Saturday, July 30, 2011

Paws and Pedals

Lowcountry Dog Magazine
by Leah Nicole Hawkins on Thursday, July 21st, 2011 at 9:18am

As we all learned from Roger in the 1996 release of 101 Dalmatians, sometimes tying your dog to the handlebars of your bicycle by its leash is not always a brilliant idea. While well-behaved dogs may be good to take on a refreshing bike ride, for the rest of us whose dogs tend to stop and sniff every tree or joyously lunge after just about anything that moves, having a dog tied to our bikes just doesn’t seem to work. However, there is hope for those who fall into the latter of the two categories. We compiled a list of products specifically designed to allow dogs to run beside their owner’s bikes in complete safety and comfort.

The WalkyDog Bike Leash is one such product. It is a metal rod that attaches to the bike just below the seat. The length of the rod allows the dog to run clear of the wheels and pedals of the bike, lessening the chances of injury to both the bike rider and the dog. The dog’s leash is connected to a patented spring within the rod that counterbalances the pull of the dog against the bike, allowing the rider to move with ease without having to account for the weight and movements of the canine. Although the length of the leash can be adjusted depending on the height of the dog, the product is recommended for dogs over a year old or at least twenty pounds. Leads can be extended up to twelve inches, however, if this is not enough, it is also possible to purchase a cord of a custom length or simply buy a cord at a hardware store. You can find this item online priced from $52 down to $39.95.

For large dogs with exceptionally powerful pulling ability, the Bike Tow Leash is sometimes a viable option. It performs the same function as the WalkyDog, but is specifically designed for dogs who would otherwise be a hazard to tie to a bicycle. The curved design of this leash absorbs the power of the dog, allowing the biker to ride in comfort. It can be found online for $150.

And don’t forget accessories! There is paw-pad protection wax and Ruff Wear Skyliner Dog Boots, shoes designed to allow dogs to cross abrasive, hot, or other potentially harmful surfaces in comfort. And don’t forget to bring along water! One neat product is the Gulpy Pet Water Dispenser. This convenient water dispenser has a clip, which allows it to be easily attached to the belt or pants, but is also the right size to fit in bicycle water bottle holders. An outer shell flips down to become a trough that holds water when the bottle is tipped upside down. The list price for this item is $15.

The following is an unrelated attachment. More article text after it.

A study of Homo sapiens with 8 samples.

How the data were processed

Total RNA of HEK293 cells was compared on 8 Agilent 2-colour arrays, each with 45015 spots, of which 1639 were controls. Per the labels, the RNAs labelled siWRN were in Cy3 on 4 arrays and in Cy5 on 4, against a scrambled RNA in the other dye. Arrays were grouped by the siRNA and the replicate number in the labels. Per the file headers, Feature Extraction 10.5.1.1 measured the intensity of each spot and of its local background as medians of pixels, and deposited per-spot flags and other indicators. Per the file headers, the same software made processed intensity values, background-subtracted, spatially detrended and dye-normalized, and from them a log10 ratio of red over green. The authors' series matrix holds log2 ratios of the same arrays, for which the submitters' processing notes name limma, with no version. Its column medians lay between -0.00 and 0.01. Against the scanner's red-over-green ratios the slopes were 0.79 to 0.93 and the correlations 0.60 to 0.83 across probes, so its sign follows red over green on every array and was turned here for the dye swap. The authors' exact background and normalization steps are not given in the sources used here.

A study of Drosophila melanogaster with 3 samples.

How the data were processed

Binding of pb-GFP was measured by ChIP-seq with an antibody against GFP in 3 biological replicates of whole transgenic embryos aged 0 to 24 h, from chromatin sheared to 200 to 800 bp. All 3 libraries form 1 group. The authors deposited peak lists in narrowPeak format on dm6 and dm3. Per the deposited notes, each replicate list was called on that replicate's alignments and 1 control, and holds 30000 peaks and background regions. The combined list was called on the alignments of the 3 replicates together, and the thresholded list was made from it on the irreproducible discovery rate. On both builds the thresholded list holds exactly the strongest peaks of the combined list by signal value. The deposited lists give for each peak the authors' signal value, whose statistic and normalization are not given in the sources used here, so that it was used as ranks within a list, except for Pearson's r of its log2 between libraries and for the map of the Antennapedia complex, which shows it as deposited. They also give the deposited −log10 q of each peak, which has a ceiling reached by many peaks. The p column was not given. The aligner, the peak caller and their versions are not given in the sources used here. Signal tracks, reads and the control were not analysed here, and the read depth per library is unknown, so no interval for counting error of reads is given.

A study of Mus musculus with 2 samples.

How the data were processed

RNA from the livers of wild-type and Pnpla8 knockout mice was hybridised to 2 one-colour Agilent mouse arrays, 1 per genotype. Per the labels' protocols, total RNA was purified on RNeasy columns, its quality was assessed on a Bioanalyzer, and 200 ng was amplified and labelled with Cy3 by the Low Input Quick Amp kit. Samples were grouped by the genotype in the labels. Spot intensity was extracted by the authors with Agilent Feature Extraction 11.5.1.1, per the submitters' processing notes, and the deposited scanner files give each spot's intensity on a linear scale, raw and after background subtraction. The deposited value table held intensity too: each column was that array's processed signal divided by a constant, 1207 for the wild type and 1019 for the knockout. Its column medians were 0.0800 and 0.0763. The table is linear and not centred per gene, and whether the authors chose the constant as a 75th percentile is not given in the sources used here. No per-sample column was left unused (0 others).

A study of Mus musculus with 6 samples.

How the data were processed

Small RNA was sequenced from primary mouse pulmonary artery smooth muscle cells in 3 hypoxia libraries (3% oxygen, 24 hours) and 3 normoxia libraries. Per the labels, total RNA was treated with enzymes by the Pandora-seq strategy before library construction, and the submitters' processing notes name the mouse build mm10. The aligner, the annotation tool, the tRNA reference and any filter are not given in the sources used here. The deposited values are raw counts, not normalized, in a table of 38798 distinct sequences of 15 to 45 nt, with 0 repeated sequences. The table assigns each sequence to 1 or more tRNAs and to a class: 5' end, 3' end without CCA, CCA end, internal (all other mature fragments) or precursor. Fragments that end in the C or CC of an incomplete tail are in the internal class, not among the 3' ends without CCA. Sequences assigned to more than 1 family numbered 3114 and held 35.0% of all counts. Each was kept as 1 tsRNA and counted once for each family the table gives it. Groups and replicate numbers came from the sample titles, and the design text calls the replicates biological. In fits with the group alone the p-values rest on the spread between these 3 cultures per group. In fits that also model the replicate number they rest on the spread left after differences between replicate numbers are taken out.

Of course, before using any of these items, it is important to make sure your dog is properly trained to run beside a bike. For this, it is important to first instill proper lead etiquette in your dog. Make sure that he or she behaves properly when walking normally on a leash. Your dog must know that they cannot pull away or run wherever they please when on the leash.

The first step in teaching your dog to run beside your bicycle is to introduce them to the bike itself. Roll it slowly toward him or her so that they can observe it and become familiar with it. If your dog shows any hostility toward your bike, stop them immediately. When your dog has become comfortable with the bike, leash the dog and have him stand on one side while you support the bike on the other. Begin walking slowly and continue until your dog is content.

The next step is to find a quiet place with minimal traffic and people. Throw a leg over the bike and continue walking with the bike between your legs. When you are confident that your dog is calm, sit down on the seat and begin to pedal gently. Try to keep the same pace as your dog has become used to it and a sudden increase in speed may make him or her nervous. After your dog becomes comfortable with you riding the bike, increase the pace as you see fit, though try to keep to low-traffic areas for the first few rides. You may also implement commands later in the training such as “stop” by saying the command and gently pulling on the leash while you slow down. Other commands such as “left” or “right” may also be helpful in ensuring that your dog stays clear of the wheels when you are turning. Lastly, remember to praise and encourage your dog when they perform well. This will reinforce their positive feelings in relation to the bike.

A bike ride is a good way to get exercise both for you and your dog, but remember that safety always comes first. If you take your dog out with you when you ride, be sure to have plenty of water for both of you and stay away from high-traffic areas where your dog may spook and put both him/her and you in danger. No matter how well trained a dog is, they can still be frightened by a loud noise or sudden appearance. Try to take your dog out in the morning or late afternoon when the temperature isn’t as hot. Use the proper equipment if you plan to have your dog run beside you on the bike and always remember that the key to success and safety in that situation is for you to maintain a calm, positive attitude.

Some of these products (or ones like them) can be found locally in outdoor shops such as Half Moon Outfitters, The Outdoor Shoppe and The Bicycle Shoppe.